Saturday News: Cuddling with the Bear


FORMER TRUMP ADVISOR CARTER PAGE HERO TO RUSSIAN NATIONALISTS: Page also received largely unreported attention from nationalist organizations within Russia that could have invited scrutiny. The Moscow television station Tsargrad covered him before, during and after his speech to the New Economic School in Moscow. Tsargrad is owned by right-wing nationalist Konstantin Malofeev, who was sanctioned by the Obama administration and European allies for allegedly bankrolling Russian nationalists in the Crimean peninsula, which was seized by Russian leader Vladimir Putin’s forces in February 2014. Tsargrad is affiliated with a nationalist think tank called Katehon, also funded by Malofeev. Tsargrad’s editor in chief is Aleksander Dugin, a conservative sage who wrote confidently on Katehon’s website in February 2016 that Trump’s nationalist message would carry him to the U.S. presidency.

NEW TRUMP RULE WOULD HIDE THE IDENTITIES OF WHITE HOUSE VISITORS: Under the new policy, logs of people entering the White House to lobby or meet with the president or his aides will not be made public until five years after President Donald Trump leaves office. Watchdog groups on the left and right quickly denounced the decision, arguing it casts a shroud on whom the president is meeting with and what groups are trying to influence him. “This new secrecy policy undermines the rule of law and suggests this White House doesn’t want to be accountable to the American people,” said Tom Fitton, president of Judicial Watch, a conservative group. “The only excuse for this policy is that the Trump administration has something to hide,” said David Donnelly, who heads Every Voice, a liberal group that tracks influence in politics. “This kind of secrecy will allow big donors, lobbyists and special interests to have unknown levels of influence in the White House.”

POWER STRUGGLE DEEPENS BETWEEN JOHNSON AND DPI BOARD: According to court documents, Johnson said he asked the state board "to hire a certain candidate who shares my vision" and would be "a positive change agent for DPI" for the CFO position. Instead of voting on his candidate, Johnson said, the board posted an ad for the job and had a committee review the applicants. The committee then made its own recommendation to the state board, which the board supported. On March 2, the board voted to hire Levinson, who previously served as chief of staff for former Superintendent June Atkinson, who lost to Johnson in November's election. In his affidavit, Johnson accused the board of promoting "more of the same" and failing to hire "a positive change agent" as CFO.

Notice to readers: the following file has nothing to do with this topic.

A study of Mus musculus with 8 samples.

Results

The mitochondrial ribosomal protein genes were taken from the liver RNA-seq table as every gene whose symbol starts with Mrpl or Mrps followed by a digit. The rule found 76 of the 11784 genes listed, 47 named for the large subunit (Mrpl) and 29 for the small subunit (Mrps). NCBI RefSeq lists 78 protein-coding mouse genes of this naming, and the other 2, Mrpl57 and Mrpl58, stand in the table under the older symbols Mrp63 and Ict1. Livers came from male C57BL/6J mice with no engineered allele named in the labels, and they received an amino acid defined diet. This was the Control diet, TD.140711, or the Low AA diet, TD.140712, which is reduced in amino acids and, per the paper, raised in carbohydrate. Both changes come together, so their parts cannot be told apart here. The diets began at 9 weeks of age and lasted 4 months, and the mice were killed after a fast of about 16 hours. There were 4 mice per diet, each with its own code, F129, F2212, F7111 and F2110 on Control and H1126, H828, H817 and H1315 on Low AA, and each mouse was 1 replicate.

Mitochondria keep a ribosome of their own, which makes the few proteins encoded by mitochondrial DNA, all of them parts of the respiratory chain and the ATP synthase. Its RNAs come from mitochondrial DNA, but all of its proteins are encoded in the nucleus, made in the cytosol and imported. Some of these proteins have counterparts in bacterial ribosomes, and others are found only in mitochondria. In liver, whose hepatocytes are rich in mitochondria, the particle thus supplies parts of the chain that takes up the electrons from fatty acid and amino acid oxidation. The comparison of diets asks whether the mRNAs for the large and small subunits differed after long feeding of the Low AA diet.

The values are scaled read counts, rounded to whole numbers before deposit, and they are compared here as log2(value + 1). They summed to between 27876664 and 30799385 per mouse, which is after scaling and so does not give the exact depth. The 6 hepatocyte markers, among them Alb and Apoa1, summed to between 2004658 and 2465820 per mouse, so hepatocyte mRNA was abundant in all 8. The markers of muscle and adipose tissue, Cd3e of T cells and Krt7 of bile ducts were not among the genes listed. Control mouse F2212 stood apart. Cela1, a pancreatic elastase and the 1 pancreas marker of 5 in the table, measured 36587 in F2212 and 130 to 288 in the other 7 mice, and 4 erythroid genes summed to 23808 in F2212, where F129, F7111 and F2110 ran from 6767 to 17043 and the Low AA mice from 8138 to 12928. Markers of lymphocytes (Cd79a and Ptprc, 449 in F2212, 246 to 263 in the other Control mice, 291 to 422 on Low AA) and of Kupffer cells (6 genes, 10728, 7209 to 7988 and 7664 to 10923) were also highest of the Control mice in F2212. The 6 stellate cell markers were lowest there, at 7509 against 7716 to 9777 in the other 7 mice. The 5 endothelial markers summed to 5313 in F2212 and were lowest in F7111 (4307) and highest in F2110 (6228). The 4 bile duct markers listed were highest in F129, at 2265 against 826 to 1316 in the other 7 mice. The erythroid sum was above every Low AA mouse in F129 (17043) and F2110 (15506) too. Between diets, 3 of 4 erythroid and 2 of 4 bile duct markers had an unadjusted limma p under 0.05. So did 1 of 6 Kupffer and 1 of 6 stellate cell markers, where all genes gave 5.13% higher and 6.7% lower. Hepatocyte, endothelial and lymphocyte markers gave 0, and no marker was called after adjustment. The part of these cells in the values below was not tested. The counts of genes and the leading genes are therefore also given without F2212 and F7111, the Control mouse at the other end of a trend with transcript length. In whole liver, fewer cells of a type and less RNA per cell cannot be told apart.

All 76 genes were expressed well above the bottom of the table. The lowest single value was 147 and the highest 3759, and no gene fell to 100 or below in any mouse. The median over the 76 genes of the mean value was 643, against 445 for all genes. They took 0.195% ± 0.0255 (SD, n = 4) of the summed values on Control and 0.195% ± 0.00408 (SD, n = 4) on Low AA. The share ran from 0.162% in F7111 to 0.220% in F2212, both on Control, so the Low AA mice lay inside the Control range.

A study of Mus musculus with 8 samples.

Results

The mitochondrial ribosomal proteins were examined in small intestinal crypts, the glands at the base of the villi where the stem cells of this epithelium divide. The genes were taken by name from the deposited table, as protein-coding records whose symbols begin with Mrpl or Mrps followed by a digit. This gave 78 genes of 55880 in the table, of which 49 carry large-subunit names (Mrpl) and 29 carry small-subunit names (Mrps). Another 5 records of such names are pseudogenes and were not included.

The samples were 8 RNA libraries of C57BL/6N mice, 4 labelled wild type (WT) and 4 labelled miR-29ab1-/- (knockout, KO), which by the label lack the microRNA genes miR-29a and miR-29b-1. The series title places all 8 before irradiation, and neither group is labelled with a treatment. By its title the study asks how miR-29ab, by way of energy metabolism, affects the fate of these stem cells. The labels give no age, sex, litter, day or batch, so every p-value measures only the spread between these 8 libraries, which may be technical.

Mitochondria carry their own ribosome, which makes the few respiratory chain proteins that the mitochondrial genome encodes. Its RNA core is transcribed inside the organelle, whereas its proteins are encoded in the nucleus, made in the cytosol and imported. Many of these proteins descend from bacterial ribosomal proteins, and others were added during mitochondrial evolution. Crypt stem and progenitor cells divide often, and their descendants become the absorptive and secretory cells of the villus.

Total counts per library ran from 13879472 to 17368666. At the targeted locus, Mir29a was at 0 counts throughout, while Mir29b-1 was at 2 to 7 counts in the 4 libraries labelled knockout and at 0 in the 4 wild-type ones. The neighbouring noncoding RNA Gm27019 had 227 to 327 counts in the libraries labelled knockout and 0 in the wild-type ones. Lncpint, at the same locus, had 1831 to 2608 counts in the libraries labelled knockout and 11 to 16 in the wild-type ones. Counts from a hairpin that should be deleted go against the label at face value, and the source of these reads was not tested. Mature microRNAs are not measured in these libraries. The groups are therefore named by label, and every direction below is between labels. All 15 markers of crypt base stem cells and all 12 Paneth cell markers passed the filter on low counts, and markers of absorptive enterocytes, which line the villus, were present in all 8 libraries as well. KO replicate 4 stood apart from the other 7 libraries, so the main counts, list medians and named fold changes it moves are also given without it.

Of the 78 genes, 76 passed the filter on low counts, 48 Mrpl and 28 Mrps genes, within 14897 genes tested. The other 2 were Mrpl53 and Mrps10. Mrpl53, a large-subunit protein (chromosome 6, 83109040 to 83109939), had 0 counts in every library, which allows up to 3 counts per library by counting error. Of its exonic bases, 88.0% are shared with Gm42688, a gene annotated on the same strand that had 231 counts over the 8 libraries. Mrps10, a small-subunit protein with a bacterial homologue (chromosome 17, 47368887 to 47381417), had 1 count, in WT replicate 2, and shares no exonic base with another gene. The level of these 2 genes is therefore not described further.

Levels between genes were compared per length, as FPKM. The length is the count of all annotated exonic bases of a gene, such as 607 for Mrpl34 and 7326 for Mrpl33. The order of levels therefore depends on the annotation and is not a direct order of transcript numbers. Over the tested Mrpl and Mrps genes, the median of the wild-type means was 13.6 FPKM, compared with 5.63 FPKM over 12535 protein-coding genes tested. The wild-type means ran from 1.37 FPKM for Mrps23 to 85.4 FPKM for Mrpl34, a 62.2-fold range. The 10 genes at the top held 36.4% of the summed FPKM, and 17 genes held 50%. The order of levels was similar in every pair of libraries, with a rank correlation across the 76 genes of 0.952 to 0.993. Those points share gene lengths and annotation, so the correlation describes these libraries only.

GUN-DEALER TURNED CONGRESSMAN HOLDS "CHAT" WITH ATTENDEES: U.S. Rep. Ted Budd stood at the center of a pressing circle of constituents for more than three hours Friday morning, fielding questions and listening to concerns while dozens of people hovered in the background, straining to hear. The meet-and-greet, which allowed Budd to meet with individual constituents, left some attendees unhappy because they were unable to hear the questions and answers as they would in a town hall-style meeting. For some, it was less than ideal. “I was hoping for something different,” said Sarah Davis, a Greensboro resident who waited for more than two hours to speak to Budd about health care, then received what she called a ‘non-answer.’ “A lot of people have been asking the same questions, but no one can hear them, and he’s not accountable for his answers, because no one will know what he said.”

MORE FACTORY FARM "BUYOUTS" COULD PROTECT RIVERS FROM FLOODS: Last year offered proof of the effectiveness of moving large-scale hog farms out of the floodplains of eastern North Carolina. The strategy was first put in place in 1999 after the devastation of farming regions during Hurricane Floyd and the subsequent decline in water quality. The Clean Water Management Trust Fund was tapped for $18.7 million in grants to buy out 43 farm operations and close more 106 waste ponds that were operating in the 100-year floodplain. State agriculture officials estimate that 32 of the 43 swine farm buyout sites would have flooded during Hurricane Matthew. Upper Neuse Riverkeeper Matthew Starr said the lesson from last year is that the buyout strategy worked. “The agreement to refund this voluntary program is a win-win, which is something hard to come by in today’s political climate,” Starr said. “Removing the remaining industrial swine facilities from the 100-year floodplain makes sense for the environment, public health and for the economy of eastern North Carolina.”